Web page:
Drake’s “Certified Lover Boy” is Another Bland Money Grab From the Rap Icon

Farooz Khan-Trunnell, Contributing Writer

Rating: 3/5 Falcons

Over the course of the 2010s, Toronto rapper and singer Aubrey Drake Graham has taken over both the hip hop and pop scenes. His catchy hooks and charismatic presence on the mic, have earned him five two-plus-times platinum albums, 54 top ten hits, and four Grammys. Unfortunately (but predictably), this incredible commercial success has not been reflected in his artistic success. Ever since his album “Views” in 2016, each new Drizzy release has felt increasingly excessive and uninspired, disappointing critics and fans alike. And yet, due to some clever marketing from the team at his OVO label, a few decent singles, and a budding conflict with Kanye West teasing a fiery return, many listeners actually had high hopes for his most recent album, “Certified Lover Boy” (CLB), released September 3rd 2021. But once again, fans were disappointed. While CLB certainly has more highlights than a record like “Scorpion”, it simply does not bring anything new to the mainstream rap conversation.

At first glance, the laughable cover art featuring 12 pregnant woman emojis and the title “Certified Lover Boy” appear as Drake finally self-satirizing his childish pop singer persona. However, parody is meant to give commentary on the tropes it mocks. At its worst, CLB just repeats these same cliches of uninspired production and cringeworthy rapping. Tracks like “Girls Want Girls”, “In The Bible”, and “F*****g Fans” showcase Graham’s strange tendency toward bland, colorless instrumentals and embarrassingly inauthentic, and sometimes creepy lyrics. These patterns even come close to ruining “Love All”, featuring rap legend Jay-Z, whose verse is the only interesting part of the track. Meanwhile, “Murder Talk” and “Fountains” sound like blatant ripoffs of their feature artists (21 Savage and Tems respectively)’s sounds (ironically, if you ask Drake, he is constantly being imitated).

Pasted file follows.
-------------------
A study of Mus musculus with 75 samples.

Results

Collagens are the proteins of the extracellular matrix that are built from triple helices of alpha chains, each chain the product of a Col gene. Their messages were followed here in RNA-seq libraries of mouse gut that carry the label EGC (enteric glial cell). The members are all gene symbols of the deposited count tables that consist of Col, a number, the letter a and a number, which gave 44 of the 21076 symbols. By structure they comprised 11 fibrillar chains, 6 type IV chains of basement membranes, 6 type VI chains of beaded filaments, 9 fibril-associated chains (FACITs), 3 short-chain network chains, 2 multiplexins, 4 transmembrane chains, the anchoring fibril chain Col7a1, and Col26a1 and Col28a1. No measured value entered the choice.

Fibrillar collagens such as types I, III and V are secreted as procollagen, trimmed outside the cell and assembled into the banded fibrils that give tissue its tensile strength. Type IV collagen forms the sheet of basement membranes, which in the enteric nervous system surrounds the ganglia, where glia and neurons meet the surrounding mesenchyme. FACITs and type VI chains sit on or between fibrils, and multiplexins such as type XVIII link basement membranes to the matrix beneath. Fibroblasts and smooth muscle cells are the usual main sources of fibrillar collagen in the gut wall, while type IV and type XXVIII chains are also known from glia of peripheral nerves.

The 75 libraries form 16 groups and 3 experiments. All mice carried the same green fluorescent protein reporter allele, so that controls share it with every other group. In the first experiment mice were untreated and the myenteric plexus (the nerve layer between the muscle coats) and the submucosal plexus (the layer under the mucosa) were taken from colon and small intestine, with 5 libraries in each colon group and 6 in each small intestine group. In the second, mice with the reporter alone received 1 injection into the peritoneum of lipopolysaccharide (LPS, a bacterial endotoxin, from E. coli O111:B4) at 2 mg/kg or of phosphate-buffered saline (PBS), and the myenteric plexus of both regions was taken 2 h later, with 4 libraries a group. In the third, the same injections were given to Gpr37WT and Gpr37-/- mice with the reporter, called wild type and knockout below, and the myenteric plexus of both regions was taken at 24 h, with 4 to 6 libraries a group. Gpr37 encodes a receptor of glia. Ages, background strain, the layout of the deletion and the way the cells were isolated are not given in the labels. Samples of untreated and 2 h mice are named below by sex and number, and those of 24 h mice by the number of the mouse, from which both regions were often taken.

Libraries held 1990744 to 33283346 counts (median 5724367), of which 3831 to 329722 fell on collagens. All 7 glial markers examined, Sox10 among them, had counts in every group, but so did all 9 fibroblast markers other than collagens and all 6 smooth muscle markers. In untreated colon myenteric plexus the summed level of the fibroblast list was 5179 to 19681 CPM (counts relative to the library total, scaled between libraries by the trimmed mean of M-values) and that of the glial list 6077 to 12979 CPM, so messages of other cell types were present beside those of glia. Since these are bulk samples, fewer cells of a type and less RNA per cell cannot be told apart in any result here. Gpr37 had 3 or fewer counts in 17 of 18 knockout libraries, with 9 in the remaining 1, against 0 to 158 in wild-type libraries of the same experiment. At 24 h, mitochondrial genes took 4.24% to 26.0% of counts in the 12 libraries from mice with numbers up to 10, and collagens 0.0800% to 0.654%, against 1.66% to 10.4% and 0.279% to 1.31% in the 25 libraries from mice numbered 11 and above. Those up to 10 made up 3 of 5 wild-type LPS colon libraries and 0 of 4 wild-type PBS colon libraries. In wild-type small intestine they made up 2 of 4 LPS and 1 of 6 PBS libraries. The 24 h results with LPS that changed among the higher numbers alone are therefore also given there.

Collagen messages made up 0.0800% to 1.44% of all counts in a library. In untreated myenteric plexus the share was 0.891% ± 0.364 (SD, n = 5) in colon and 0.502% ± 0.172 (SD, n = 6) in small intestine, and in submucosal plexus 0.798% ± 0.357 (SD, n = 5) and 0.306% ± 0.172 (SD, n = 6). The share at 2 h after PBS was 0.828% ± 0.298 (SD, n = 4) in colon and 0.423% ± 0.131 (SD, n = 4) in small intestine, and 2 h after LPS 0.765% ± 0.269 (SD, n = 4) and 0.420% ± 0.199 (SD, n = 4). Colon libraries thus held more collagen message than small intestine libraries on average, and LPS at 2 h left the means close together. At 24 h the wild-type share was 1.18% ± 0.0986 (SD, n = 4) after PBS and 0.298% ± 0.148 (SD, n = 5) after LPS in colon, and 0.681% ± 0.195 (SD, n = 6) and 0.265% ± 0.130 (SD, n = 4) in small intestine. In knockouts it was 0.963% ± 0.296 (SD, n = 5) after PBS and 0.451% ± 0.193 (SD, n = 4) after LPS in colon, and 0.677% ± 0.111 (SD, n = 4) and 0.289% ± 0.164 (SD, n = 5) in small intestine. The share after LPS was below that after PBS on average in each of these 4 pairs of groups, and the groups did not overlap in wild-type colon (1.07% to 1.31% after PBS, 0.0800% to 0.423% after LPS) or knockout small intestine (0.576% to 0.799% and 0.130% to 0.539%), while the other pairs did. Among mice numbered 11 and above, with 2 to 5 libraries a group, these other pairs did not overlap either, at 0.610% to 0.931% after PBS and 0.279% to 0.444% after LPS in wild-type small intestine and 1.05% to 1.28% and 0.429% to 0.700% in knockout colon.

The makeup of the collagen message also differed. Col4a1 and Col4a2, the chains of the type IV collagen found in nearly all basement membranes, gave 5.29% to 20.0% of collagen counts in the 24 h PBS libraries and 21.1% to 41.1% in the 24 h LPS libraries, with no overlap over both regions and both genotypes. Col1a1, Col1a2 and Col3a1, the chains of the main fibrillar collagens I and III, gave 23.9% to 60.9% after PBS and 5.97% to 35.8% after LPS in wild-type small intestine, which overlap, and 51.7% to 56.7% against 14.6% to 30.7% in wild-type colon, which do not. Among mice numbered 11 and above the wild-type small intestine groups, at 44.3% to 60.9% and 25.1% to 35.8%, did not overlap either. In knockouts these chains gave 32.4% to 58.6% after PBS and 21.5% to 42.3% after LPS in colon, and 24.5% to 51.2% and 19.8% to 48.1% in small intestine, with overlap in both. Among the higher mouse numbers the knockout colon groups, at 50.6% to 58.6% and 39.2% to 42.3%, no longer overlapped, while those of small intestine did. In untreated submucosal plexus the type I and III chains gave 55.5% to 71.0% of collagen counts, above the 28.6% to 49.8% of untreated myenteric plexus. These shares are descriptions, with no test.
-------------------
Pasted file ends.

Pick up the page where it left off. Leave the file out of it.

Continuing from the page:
The opener “Champagne Poetry”’s haunting vocal chops and more than impressive lyricism make it arguably Drake’s best song since a track like Jungle, off his 2015 mixtape

Luckily, Lover Boy does contain some highlights, and these musical oases are the main feature stopping the album from ranking as low as projects like “More Life” or “Scorpion”. The opener “Champagne Poetry”’s haunting vocal chops and more than impressive lyricism make it arguably Drake’s best song since a track like Jungle, off his 2015 mixtape, “If You’re Reading This It’s Too Late”. “Pipe Down”, “Race My Mind”, and “Get Along Better” feature luxurious production, and proof that Drake has some vocal talent, over the right instrumentals. Further, “You Only Live Twice” is all the competitive braggadocio one would expect from Drake and two of his most prolific friends in the industry, Lil Wayne and Rick Ross. 

Overall, it is frustrating to see the bit of merit CLB has to offer get overshadowed by filler. There is potential for a respectable album hiding within the Lover Boy tracklist, but due to Drake’s unfounded desire to have all of his recent projects contain 20 plus songs, that album will never see the light of day. In the end, “Certified Lover Boy” is not as boring or derivative as it could have been, but when you peer at its lowest points, the sheer absence of creativity could not be more evident. The empty production, obnoxious length, and overall lack of effort is disappointing but expected of Drake at this point. One can only hope that his next releases will actually feel somewhat fresh. For now, average and repetitive will have to do.

This article also appears in our October 2021 print edition.